ATHENS – Newton County native Timothy K. Adams Jr. has performed under the direction of some of the world’s greatest conductors, including Leonard Bernstein, John Williams, Pierre Boulez, Robert Shaw and Sir Neville Marriner.

He’s played in major concert halls throughout the world and has performed with a Who’s Who of soloists, including Luciano Pavarotti, Tony Bennett, Della Reese and Terence Blanchard.

But Adams reserves one of his most cherished musical memories for his collaboration nearly 20 years ago with Fred Rogers, creator of the long-running PBS series “Mr. Rogers’ Neighborhood” and subject of the new documentary “Won’t You Be My Neighbor?”

The son of iconic Newton County educators Louise and T.K. Adams appeared on a 1999 episode of “Mr. Rogers’ Neighborhood,” demonstrating a variety of percussion instruments in the episode entitled “Noisy & Quiet.”

“It’s probably one of the most important things I’ve ever done in my life in music on that show,” said Adams, chair of the percussion department at the University of Georgia’s Hugh Hodgson School of Music. “I’ve played under great conductors, toured Europe and played Carnegie Hall many times, but doing Mr. Rogers’ show will touch people as long as there’s Amazon Prime and YouTube.

“It was great to have an impact on a show that’s so important, especially today with the state that our world is in. If there were more Mr. Rogers, we wouldn’t be in the state we’re in.”

Adams, who lives in Athens with his wife Kimberly Toscano Adams and their 2-year-old son, was a Pittsburgh resident at the time of the Mr. Rogers taping, serving as principal timpanist for the Pittsburgh Symphony Orchestra and professor of music at Carnegie Mellon University.

“Fred lived about a one-minute walk from the school, so I’d see him at school all the time and he came to a lot of concerts,” said Adams. “He knew who I was from playing in the orchestra, and once I did his show I’d see him even more.”

And unlike most folks seen regularly on television, Fred Rogers was the same person, whether the cameras were on or off, Adams says.

“It took eight or 10 hours to shoot, and what was interesting was that Fred was super-curious,” he said. “He was not acting – he was really curious about the instruments. So when we’d stop taping, he’d ask questions and he’d play all the instruments because he was a real musician.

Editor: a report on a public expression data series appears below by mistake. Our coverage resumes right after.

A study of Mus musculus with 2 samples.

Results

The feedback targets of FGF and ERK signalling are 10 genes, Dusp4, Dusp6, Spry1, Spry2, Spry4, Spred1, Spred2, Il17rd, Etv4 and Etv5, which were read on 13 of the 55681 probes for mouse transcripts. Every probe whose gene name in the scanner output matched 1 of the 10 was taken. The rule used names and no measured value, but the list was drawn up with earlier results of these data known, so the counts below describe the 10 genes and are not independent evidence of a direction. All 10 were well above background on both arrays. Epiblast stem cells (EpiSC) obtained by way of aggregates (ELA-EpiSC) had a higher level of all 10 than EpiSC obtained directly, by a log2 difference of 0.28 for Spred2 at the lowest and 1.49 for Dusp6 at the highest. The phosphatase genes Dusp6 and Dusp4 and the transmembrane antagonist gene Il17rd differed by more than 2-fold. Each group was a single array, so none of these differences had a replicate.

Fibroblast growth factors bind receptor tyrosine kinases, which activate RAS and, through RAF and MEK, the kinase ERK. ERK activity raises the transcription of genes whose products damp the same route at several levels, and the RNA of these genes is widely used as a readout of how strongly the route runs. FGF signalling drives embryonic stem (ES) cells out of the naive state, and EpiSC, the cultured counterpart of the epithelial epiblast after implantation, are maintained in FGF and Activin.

“Most of the people on television have a different persona, and I kind of expected ‘Crazy Freddie’ to come out or something, but he was just that sincere and beautiful as a person when we were taping and when we were taking a break.”

Although he was not a regular Mr. Rogers viewer while growing up, Adams says he and his wife regularly watch repeats of the show these days with their son. And he adds that meeting and getting to know Rogers has had a definitive impact on his personal life.

“Just being around Fred and being around someone that is so sincere and moved by what he felt God’s mission for him was,” he said. “In the same breath it was really something to be around that level of musician, because he was incredible, a terrific musician. He was beautiful songwriter with a beautiful voice and he was a terrific pianist. Those are the things a lot of people don’t know.

“He was a great communicator for kids but he was also a great musician, and perhaps he was a greater musician. The words are beautiful and so heartfelt and it’s coming from a Presbyterian aesthetic. He’s not coming from some Hollywood point of view to pump up viewership, he was coming from an aesthetic that was Christian-based, from God. To me, that’s the reason his show was successful – it wasn’t for man. It was beyond man for kids. That to me had the most impact as a person.”

When asked if he’s had an opportunity to see the new documentary, Adams laughed and said, “I would love to see it but we have a 2-year-old, so we haven’t seen a movie in two years. We thought about trying to do it this weekend, but we started potty training. We’ll catch it soon, we’ll see it.”

Above all, Adams appreciates “Mr. Rogers’ Neighborhood” for its willingness to approach subjects that few television programs – then or now – dare to discuss.

“He tackled the tough issues that adults wouldn’t tackle on adult shows,” said Adams. “He talked about assassination, racism, hate, suicide – adult subjects he felt were important for kids to understand, which is very true.

“With the sensitivity that he had, most of the adult shows didn’t deal with those issues the same way. It was very sensationalized and to him it was important to understand that you have emotions and it’s OK to have emotions and we need to be kind to each other.”